Thursday, February 17, 2011

Laelia purpurata carnea #69 x carnea 'Maria da Gloria'

Laelia purpurata carnea #69 x carnea 'Maria da Gloria' - Flower photo by Richard LindbergSometimes I can actually see eye glazing over when I mention three or more years from backbulb to flower. But the fact is, if I have space, I will eventually have a plant. In September 2008 the plant you see below was a single sprouted backbulb. Now it has four pseudobulbs and good roots. There is a pretty good chance that it will bloom this year.

Laelia purpurata carnea #69 x carnea 'Maria da Gloria' - Plant photo by Richard LindbergLaelia purpurata carnea #69 x carnea 'Maria da Gloria' - Plant photo by Richard LindbergLaelia purpurata grows in Brazil and needs a dry winter rest. It is fragrant, cool to hot growing and needs bright light. It can bloom any time from late spring into fall.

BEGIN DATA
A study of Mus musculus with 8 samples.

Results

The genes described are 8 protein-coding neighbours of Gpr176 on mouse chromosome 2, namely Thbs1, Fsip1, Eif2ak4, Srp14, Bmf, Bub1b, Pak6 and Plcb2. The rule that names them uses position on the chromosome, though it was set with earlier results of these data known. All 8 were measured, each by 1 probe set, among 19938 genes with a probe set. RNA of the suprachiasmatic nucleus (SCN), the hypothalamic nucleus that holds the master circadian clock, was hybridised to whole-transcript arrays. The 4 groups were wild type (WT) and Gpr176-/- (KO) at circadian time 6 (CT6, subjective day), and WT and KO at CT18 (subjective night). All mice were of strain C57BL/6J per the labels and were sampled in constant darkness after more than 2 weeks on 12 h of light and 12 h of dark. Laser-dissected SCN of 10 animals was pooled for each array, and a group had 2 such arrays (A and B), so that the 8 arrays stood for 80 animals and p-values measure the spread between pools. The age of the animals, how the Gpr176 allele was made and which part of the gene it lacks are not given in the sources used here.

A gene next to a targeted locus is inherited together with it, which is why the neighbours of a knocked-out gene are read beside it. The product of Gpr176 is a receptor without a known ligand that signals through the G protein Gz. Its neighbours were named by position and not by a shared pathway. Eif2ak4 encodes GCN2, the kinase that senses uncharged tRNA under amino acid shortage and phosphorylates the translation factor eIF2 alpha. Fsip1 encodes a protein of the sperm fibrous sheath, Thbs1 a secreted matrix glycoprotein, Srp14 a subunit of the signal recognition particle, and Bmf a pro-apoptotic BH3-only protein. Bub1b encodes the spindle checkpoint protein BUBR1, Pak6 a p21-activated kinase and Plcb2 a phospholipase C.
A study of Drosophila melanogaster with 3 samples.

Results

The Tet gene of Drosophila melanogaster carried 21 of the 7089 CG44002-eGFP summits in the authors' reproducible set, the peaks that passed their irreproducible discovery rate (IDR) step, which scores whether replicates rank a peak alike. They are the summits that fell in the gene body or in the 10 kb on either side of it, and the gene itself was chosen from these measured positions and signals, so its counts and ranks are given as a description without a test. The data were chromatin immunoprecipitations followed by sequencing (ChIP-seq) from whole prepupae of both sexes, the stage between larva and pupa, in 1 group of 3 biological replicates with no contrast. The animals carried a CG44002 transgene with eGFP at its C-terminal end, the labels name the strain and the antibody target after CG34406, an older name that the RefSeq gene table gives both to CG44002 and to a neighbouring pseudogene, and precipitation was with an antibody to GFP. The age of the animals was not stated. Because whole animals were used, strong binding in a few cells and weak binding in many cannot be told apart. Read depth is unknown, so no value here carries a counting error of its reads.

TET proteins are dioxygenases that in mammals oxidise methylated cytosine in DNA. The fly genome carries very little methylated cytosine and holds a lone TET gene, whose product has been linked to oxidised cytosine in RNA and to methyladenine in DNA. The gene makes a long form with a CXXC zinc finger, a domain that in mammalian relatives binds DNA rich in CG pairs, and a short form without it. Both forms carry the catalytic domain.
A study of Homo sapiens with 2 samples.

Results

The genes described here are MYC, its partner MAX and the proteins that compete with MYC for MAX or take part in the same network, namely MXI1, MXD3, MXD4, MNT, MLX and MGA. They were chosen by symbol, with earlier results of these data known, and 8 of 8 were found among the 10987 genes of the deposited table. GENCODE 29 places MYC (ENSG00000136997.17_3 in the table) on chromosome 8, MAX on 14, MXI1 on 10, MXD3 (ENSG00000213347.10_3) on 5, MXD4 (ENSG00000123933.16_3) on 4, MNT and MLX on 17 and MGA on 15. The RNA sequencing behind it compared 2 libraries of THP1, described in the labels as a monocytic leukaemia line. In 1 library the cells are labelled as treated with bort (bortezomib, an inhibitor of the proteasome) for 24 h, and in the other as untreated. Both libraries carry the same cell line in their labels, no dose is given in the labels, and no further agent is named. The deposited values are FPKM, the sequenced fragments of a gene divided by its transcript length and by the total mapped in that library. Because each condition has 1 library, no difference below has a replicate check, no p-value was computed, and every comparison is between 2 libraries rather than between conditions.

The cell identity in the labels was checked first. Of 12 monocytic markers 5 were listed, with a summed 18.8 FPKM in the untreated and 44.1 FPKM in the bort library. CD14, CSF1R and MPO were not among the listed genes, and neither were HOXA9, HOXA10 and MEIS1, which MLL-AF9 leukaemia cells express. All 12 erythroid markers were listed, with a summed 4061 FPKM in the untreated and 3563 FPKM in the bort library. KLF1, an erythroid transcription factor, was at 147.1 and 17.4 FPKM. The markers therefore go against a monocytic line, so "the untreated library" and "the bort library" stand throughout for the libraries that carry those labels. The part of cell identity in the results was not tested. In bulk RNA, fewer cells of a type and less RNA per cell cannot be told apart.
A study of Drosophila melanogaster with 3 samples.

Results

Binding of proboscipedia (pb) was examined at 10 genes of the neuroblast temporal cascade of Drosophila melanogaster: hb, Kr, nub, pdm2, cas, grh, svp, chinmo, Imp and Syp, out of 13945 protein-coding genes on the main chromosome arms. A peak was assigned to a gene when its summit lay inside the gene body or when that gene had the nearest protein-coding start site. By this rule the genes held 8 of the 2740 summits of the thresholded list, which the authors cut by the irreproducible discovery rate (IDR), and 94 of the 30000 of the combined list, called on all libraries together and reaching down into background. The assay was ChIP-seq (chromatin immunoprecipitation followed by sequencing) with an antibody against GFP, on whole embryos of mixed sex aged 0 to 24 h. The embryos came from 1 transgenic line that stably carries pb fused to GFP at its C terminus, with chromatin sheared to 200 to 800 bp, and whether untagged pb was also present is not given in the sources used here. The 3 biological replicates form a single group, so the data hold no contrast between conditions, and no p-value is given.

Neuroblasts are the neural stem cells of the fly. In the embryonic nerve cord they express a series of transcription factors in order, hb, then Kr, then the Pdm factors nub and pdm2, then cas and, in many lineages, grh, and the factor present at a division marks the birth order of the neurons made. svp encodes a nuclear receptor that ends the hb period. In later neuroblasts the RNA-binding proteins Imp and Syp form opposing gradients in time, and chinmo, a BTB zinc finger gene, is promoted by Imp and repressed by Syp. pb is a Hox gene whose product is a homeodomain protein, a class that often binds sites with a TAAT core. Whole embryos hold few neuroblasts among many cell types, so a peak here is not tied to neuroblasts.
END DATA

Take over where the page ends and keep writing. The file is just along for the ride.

This plant is in rock in a 3 1/2-inch plastic pot. It is the same pot I put in in 2+ years ago. With its short rhizome, I won't need to do anything for a year, maybe two. Even then, I will up-pot it in a 4-inch pot, also in rock.

One of the best features of rock is that it holds almost no water. Over-potting is not really the issue it would be with other media.

3 comments:

  1. L. purpurata, in all its varieties is one of my favorite catts. I started out with the ordinary one, then over the years, added werkhauseri, carnea, flammea, and striata. They're still mostly dormant this time of year, but a quick look at my carnea shows it's got a whole bunch of new leads, and one sheath from last year that's starting to fatten. Best of luck with yours blooming this year.



    Same here, especially since I'm still a "windowsill grower," although to some extent, the upright growth habit keeps the footprint relatively small. By way of comparison, I have a C. Sea Breeze 'Fellrath's Pride' that takes up more bench space than the much taller L. pupuratas.